America’s political elite remains in shock over Donald Trump’s historic upset. Some blame bad polling while Hillary Clinton herself blames James Comey. Neither explanation is correct. The truth is the reasons for Trump’s path to victory were hiding in plain view all along for anyone with the eyes to see.
Clinton started the race as the most unpopular candidate ever to receive a major party nomination — except Trump. While she quickly unified her party, Trump struggled to unify his. That gave her a massive opportunity to reach out to disaffected Republicans and GOP-leaning moderates and convince them she was an acceptable alternative. She not only did not succeed in doing so: She never even really tried.
Instead, she ran ad after ad demonizing Trump the man rather than contrasting her views with his. This served to reinforce the public’s negative view of him, but it did nothing to convince people who held negative views of both candidates to prefer her to him.
The prestigious GW/Battleground Poll showed this clearly. In both September and October, this poll — conducted by respected Republican pollster Ed Goaes and respected Democratic pollster Celinda Lake — showed that the election would be decided by the 18 percent of Americans who held a negative view of both candidates. These voters were disproportionally male, college-educated and either Republicans or Republican-leaning independents.
Nearly 60 percent of these voters preferred neither candidate. This was the primary source of votes for Gary Johnson, Evan McMullin, or the undecided bloc.
Clinton’s challenge was clear. If she couldn’t move them into her camp, they were susceptible to last-minute changes of heart to return to the party they preferred. Indeed, this is a common and well-recognized pattern in elections. Voters will tell pollsters up to the very last minute they plan to vote for a hopeless third-party candidate, but revert to their partisan behavior when the actual choice becomes real in the voting booth.
She could have talked about issues these voters cared about — taxes or national security. The latter might have been a fruitful path of contrast as Trump had called into question over 70 years of American security policy with his loose talk about NATO and our bilateral defense treaties. But she never chose to emphasize these rather obvious lines of attack.
It was always about women with Clinton. Over and over again we heard about Trump’s admittedly deplorable remarks about women and his vulgar behavior in general. But we never heard why his policies would be a bad fit for the Oval Office.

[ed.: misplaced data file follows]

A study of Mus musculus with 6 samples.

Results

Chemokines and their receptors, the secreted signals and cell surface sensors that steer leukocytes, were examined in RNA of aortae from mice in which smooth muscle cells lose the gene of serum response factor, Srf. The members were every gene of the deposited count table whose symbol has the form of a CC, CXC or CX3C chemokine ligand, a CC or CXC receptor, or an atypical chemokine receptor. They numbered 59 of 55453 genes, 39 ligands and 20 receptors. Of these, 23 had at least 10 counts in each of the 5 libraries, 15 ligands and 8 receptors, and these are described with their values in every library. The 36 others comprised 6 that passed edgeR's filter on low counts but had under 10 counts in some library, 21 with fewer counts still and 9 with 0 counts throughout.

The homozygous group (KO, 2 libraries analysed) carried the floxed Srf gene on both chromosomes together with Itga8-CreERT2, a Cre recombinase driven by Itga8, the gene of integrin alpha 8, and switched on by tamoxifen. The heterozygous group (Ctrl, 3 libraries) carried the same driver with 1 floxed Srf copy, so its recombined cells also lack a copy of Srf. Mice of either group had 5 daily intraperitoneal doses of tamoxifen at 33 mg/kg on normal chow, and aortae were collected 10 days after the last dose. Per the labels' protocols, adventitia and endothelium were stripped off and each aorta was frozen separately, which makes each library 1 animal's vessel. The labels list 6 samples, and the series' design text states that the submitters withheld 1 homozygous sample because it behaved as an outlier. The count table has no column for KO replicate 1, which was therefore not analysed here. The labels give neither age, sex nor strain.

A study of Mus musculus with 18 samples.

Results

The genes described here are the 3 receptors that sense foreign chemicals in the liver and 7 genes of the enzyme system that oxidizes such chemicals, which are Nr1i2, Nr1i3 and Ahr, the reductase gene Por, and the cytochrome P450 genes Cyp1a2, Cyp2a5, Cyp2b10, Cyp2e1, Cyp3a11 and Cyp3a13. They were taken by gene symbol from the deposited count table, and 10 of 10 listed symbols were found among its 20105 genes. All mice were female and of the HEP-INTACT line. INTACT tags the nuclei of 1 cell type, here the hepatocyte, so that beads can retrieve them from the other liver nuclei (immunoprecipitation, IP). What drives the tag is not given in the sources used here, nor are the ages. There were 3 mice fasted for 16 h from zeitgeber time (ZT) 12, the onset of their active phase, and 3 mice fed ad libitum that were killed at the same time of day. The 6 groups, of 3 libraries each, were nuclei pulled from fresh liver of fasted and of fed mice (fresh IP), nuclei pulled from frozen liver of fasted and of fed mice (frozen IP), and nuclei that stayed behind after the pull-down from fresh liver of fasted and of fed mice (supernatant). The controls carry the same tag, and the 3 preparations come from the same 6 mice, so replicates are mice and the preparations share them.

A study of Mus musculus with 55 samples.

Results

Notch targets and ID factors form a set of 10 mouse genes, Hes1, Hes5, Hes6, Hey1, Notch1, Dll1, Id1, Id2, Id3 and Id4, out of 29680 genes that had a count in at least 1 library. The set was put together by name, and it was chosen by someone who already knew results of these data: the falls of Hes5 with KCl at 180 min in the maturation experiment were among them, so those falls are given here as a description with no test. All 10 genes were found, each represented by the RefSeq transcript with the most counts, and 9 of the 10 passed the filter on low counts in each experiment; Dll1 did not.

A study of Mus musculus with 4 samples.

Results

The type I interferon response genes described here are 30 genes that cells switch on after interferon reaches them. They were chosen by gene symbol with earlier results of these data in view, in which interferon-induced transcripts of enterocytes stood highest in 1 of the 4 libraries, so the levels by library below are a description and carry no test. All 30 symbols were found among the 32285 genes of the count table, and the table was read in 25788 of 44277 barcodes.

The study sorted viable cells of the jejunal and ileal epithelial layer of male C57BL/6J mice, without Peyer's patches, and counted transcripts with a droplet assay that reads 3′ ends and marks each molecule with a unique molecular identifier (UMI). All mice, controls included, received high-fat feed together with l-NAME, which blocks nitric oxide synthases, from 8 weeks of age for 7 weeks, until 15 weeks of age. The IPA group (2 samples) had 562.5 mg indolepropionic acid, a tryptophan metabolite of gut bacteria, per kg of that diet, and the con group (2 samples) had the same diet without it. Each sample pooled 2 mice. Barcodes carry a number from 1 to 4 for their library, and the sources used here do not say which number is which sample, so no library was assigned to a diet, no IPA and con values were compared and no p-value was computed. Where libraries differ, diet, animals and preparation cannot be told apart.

This approach is typified by an ad her campaign ran in the battleground state of Pennsylvania. That ad ran on sports talk radio, about as male-dominated a venue as one will find. In it, a male voice explained why Trump should be opposed — because men have daughters, too. Even when trying to appeal to men, the Clinton campaign made it about women.
These voters thus had no place to call home as the campaign entered its final days. Even the final polls that showed her well ahead placed the combined third-party and undecided vote at a historic high of about 12 percent. Failing to win these voters over meant she was susceptible to a last-minute change of heart.
That’s what happened. Support for Libertarian nominee Gary Johnson and independent conservative Evan McMullin collapsed overnight, much as support for Green Party nominee Ralph Nader had collapsed from 5 percent to just under 3 percent in 2000 when defecting Democrats had to deal with the seriousness of their choice. In 2000, the collapsing Nader vote propelled Al Gore to a surprising finish the polls hadn’t predicted; in 2016, the collapsing Johnson and McMullin vote pushed Trump over the top.
Trump may have been a political novice, but he alone saw this possibility. His efforts in the final two weeks emphasized points that were designed to reassure wavering Republicans, like alleged Clinton corruption, the Supreme Court, fighting ISIS and repealing ObamaCare. He never persuaded these voters to like him, but he did persuade them to look at the issues they cared about.
It paid off. The exit poll showed 18 percent of voters still did not like either candidate, but now those people backed Trump over Clinton by a 49-29 margin. Their votes put The Donald in the White House.
For pundits, this is a sober reminder that polls are only snapshots in time.
The lesson for Democrats is much harsher. They had a chance to broaden their party’s appeal and win over a group of people who clearly found Trump and his populism unappealing. But to do so, they needed to give these voters a reason to think they could call the Democratic Party home. They just couldn’t bring themselves to do that even when the White House was there for the taking.
Clinton’s events were focused on early voting. She talked about themes that energized progressives and party activists, but held little appeal to the voters who would actually decide the election.
Now leading Democrats look set to double down on Clinton’s failed strategy. The race for the new DNC chair is between progressive Rep. Keith Ellison and former DNC chair and progressive favorite Howard Dean. Neither man is likely to embrace reaching out to less-progressive voters uncomfortable with Trump.
The Democratic Party is choosing to end 2016 the way it started it, facing America with eyes wide shut. That will give Trump a chance to surprise the pundits again and reunify a very fractured nation under the Republican umbrella.
Henry Olsen is a senior fellow at the Ethics and Public Policy Center and a visiting fellow at the Matthew Ryan Center at Villanova University.